We’re all busy, but how does being busy impact on sleep?

In modern Western society, being busy is worn like a badge of honour. Colleagues will often ask, ‘Are you busy?’, but rarely ask if you are achieving good work life balance or if you are feeling well. Whilst being busy is part of modern life as well all have responsibilities, research over the last few years has shown that being busy over a prolonged period of time is an important trigger for long-term problems with insomnia, depression and anxiety.

The role of being busy in the development of insomnia

Being busy and rushing from one thing to the next, leads to increases in sympathetic nervous system activity and increases in adrenaline. In the short term, that can increase performance and allow people to feel that they can get more done. We’ve all had the experience of pushing to meet deadlines and feeling as if we need less sleep but don’t seem tired. But if we continue at that pace the effects of sympathetic stimulation begin to appear. Feeling tired, having trouble winding down, getting irritable or anxious and not sleeping well.

Once people begin to feel tired and have trouble sleeping, they commonly get anxious about sleep itself. They attribute the tiredness to not sleeping well, rather than the real cause, over stimulation of the sympathetic nervous system. This focus on sleep being the cause of the problem increases the pressure on sleep in turn makes sleep worse. People then find they’re waking at night with an active mind and have difficulty getting back to sleep. This begins a vicious cycle of increasing anxiety about sleep, which worsens sleep and gets a life of its own. So, even if people address being overly busy, they have ongoing problems with sleep.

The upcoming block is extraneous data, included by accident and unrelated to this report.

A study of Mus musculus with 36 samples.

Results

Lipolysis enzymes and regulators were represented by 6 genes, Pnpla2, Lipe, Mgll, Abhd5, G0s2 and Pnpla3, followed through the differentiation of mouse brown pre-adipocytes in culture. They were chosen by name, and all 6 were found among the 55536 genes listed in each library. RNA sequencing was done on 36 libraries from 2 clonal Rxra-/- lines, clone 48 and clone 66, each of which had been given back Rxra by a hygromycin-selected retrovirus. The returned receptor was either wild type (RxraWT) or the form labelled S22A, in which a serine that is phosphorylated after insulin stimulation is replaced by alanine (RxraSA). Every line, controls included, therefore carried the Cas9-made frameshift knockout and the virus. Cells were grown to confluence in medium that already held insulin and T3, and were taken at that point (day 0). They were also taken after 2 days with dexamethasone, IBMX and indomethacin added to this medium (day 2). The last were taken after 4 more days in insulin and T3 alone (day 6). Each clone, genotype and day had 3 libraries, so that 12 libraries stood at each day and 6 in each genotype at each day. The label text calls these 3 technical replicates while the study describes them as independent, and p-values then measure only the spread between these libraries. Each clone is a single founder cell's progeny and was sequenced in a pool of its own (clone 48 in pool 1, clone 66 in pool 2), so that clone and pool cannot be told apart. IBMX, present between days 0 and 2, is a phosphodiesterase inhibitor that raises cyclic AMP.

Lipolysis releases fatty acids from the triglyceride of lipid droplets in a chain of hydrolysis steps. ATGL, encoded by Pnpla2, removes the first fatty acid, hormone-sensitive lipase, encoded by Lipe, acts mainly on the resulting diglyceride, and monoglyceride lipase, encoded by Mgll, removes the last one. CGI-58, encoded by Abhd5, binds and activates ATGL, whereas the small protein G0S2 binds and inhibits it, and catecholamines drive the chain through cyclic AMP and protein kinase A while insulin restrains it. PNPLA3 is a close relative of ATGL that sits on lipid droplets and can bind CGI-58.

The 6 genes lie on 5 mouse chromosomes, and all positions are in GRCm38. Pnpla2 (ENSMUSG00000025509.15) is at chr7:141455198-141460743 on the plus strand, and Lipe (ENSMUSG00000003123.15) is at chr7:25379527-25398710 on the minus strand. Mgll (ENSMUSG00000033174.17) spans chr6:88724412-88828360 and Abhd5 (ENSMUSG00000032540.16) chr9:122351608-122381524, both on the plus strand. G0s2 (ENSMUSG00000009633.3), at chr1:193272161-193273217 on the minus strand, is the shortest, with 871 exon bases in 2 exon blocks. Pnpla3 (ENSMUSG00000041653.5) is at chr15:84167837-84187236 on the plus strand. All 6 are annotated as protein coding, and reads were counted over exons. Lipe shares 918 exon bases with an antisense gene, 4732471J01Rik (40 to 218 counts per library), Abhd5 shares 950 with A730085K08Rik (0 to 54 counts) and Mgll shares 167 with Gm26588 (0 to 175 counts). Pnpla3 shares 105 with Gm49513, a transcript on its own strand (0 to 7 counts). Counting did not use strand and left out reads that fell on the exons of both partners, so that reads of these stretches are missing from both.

Chronic stress or busyness increases the risk of insomnia

In research published in Sleep, Christopher Drake and the team at Henry Ford Hospital, Detroit showed that a strong risk factor for the development of chronic insomnia, (trouble getting to sleep or staying asleep for more than 3 months), is ongoing stimulation of the sympathetic nervous system. Whilst episodes of acute stress, can throw sleep out for days, once those episodes pass, sleep usually returns to normal. But, if there acute stress episodes occur on a background of being busy, people were x times more likely to develop chronic Insomnia.

In a separate study, Charles Morin’s team from Quebec showed that people who have ‘reactive’ sleep. That is, they are prone to short periods of insomnia from acute stress or changes in routine, were at double the risk of developing chronic insomnia over time.
So, if you feel that you have fragile or ‘reactive’ sleep it’s important that you:
  1. Are careful about being overly busy for extended periods of time
  2. Develop a good understanding of things you can do to improve sleep
  3. Seek help from health professionals early if chronic insomnia develops
There are good non-drug strategies available to help improve and manage symptoms of chronic insomnia, such as cognitive behavioural therapy. Putting these in place early, rather than years down the track, can help to improve sleep and prevent development of depression and anxiety which commonly develop once chronic insomnia is established.